Report to the HHC Board of Directors


Becoming an Accountable Care Organization

Formal medical home certification and an EMR that is certified for “meaningful use” are the foundation upon which HHC is building the full capabilities of an accountable care organization. An accountable care organization is a collaboration among a group of providers spanning a continuum of medical specialties and care settings who agree collectively to improve the health of a patient population through active care coordination coupled with comprehensive primary care.

Such an accountable care organization or consortium makes arrangements with the federal government and the state to be reimbursed in ways that support this proactive approach to promoting health and preventing unnecessary hospital admissions.

Reimbursement levels are tied to meeting specific markers in patient care and reducing costs of care, making the organization accountable to both patients and the third party payor for quality, appropriateness, and efficiency of care.

HHC is well positioned for this payment reform model because our existing integrated delivery system already has many of the attributes of an accountable care organization. We have invested heavily in primary and preventive care services, including smoking cessation services, routine HIV testing, and the use of advanced information technology to help patients better manage their asthma, diabetes, hypertension, and depression; we offer comprehensive inpatient care, specialty care, home care, and long-term skilled nursing care. We also have our own health plan, MetroPlus, which provides us with essential infrastructure for both care management and linkages to other providers outside our system.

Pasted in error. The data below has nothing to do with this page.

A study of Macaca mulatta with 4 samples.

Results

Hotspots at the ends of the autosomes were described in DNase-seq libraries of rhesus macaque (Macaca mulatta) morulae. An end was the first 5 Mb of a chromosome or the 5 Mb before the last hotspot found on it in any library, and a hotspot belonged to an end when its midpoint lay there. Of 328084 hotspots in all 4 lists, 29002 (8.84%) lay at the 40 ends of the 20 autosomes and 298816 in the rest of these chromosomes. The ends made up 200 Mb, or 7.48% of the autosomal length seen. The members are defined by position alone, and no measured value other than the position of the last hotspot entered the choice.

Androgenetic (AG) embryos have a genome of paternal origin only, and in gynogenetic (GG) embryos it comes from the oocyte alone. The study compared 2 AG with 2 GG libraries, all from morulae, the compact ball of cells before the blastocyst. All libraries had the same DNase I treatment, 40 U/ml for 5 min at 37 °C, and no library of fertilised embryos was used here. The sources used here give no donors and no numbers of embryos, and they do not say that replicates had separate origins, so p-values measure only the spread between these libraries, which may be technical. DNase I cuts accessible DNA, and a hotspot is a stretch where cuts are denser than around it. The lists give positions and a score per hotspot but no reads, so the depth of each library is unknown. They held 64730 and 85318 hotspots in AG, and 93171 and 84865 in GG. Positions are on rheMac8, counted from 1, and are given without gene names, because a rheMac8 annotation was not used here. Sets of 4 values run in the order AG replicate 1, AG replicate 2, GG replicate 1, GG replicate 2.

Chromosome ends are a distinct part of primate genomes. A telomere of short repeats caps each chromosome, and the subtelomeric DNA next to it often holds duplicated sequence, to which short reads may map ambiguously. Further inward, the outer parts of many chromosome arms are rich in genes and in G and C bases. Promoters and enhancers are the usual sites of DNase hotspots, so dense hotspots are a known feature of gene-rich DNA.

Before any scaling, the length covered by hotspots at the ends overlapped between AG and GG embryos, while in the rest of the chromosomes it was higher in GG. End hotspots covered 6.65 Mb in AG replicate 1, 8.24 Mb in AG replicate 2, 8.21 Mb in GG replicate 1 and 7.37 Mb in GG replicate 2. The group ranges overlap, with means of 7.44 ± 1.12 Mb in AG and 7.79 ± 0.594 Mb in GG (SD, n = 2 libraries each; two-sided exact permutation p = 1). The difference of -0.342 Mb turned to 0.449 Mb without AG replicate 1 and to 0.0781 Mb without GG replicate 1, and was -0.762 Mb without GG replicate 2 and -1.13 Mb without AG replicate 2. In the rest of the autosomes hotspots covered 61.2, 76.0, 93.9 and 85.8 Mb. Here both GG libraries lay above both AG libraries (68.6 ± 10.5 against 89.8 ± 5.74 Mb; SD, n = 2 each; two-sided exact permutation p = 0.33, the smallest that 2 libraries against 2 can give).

Recommitment to Patient Safety and Quality Care 

As we look to the future, we are committed to ensuring that we continue to build on our patient safety and quality achievements.

Transparency Website and Believing Series

Our commitment to transparency remains firm, with updated data for calendar year 2010 becoming available next month on HHC in Focus, the section of our public website where we report specific quality and patient satisfaction information for a variety of conditions and chronic diseases. Among other achievements, the data shows that HHC has accomplished dramatic reductions in hospital-acquired infections. We have cut our rate of central-line bloodstream infections in half, and have seen an 80% decrease in ventilator-associated pneumonias, with some facilities going more than a year without a single such infection.